Kroll has seen cases that are not dissimilar. In one example, we were engaged to conduct a vendor-neutral review of a company's data security, and in the course of our penetration testing, we determined that there was an external Internet-based connection to a company that had been engaged to install and maintain a network of security sensors and cameras. This network of cameras, controllers and digital recorders, which ran over the company's corporate IT network, primarily allowed on-site security personnel to observe the camera images, steer the cameras, respond to alarms, and to control the recording of camera images.
The vendor had the ability to log into the network to maintain the camera software and diagnose problems with the security systems. We determined that there were some significant issues.
- First, when the access account had been provisioned for the security vendor, it wasn't assigned to an individual, but to the vendor so that anyone could use it.
- It was provisioned with an initial and trivial default password, and there was no requirement that the password be changed. In fact, we learned that it was known to a number of employees (and former employees) of the vendor.
- There was no test in place to see if the vendor's log-in came from a known IP address associated with the vendor.
- There was no audit to see if the access using the vendor's account was reasonable – something the company's facilities manager could easily have done.
- The vendor was not required to maintain security controls equivalent to those of the company.
- Finally, once in the network, an intruder with those security company credentials could pivot and reach parts of the network unrelated to the security system.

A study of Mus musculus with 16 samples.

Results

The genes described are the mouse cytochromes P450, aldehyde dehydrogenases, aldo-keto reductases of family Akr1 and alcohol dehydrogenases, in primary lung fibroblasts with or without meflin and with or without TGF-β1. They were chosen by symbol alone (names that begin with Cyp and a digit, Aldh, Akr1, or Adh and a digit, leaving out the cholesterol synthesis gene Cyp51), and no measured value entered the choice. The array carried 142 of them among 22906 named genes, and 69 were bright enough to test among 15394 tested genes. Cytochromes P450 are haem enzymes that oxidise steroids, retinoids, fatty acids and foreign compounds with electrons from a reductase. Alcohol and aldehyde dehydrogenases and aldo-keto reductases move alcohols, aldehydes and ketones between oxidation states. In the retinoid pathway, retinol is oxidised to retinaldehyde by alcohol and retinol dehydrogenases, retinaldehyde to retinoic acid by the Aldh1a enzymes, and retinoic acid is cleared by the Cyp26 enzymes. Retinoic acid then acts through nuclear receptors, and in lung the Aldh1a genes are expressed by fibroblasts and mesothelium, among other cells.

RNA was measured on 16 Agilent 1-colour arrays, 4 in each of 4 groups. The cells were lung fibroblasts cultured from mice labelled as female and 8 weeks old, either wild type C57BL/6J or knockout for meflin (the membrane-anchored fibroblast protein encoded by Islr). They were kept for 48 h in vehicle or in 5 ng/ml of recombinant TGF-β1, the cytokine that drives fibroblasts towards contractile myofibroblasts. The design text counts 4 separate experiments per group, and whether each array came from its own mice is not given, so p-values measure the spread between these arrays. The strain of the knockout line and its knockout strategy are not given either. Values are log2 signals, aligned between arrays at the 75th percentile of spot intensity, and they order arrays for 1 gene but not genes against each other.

Over the past few years, there has been recognition of the advantages of running multiple systems over a single IP network. As network speeds have increased, it has made sense not to run parallel networks for infrastructural elements like security, environmental management and similar support systems. But we have found that in many cases, the security issues relating to these systems are not well understood, since it seems like they just use the network for data transport. Of course, as real-world cases demonstrate, it isn't that simple.
These infrastructure support systems must often be accessed by vendors as well as company personnel. Even for company personnel, there may be a need for remote access to respond to off-hour emergencies. As a result, many of these systems require that they be accessible online from outside of the company. That leads to the issue of authentication. Who has the access? How is it authenticated? Are access credentials tied to an individual, or are they just supplied to a vendor for anyone to use? Are strong passwords required and changed recently? Is account usage subject to audits?
The other issue is connectivity. Are the users of these accounts (particularly vendor accounts where they don't need access to other company online resources) limited to the specific level of access they require? Are they limited to accessing the specific devices and applications they need, or is it just assumed that's what they will do?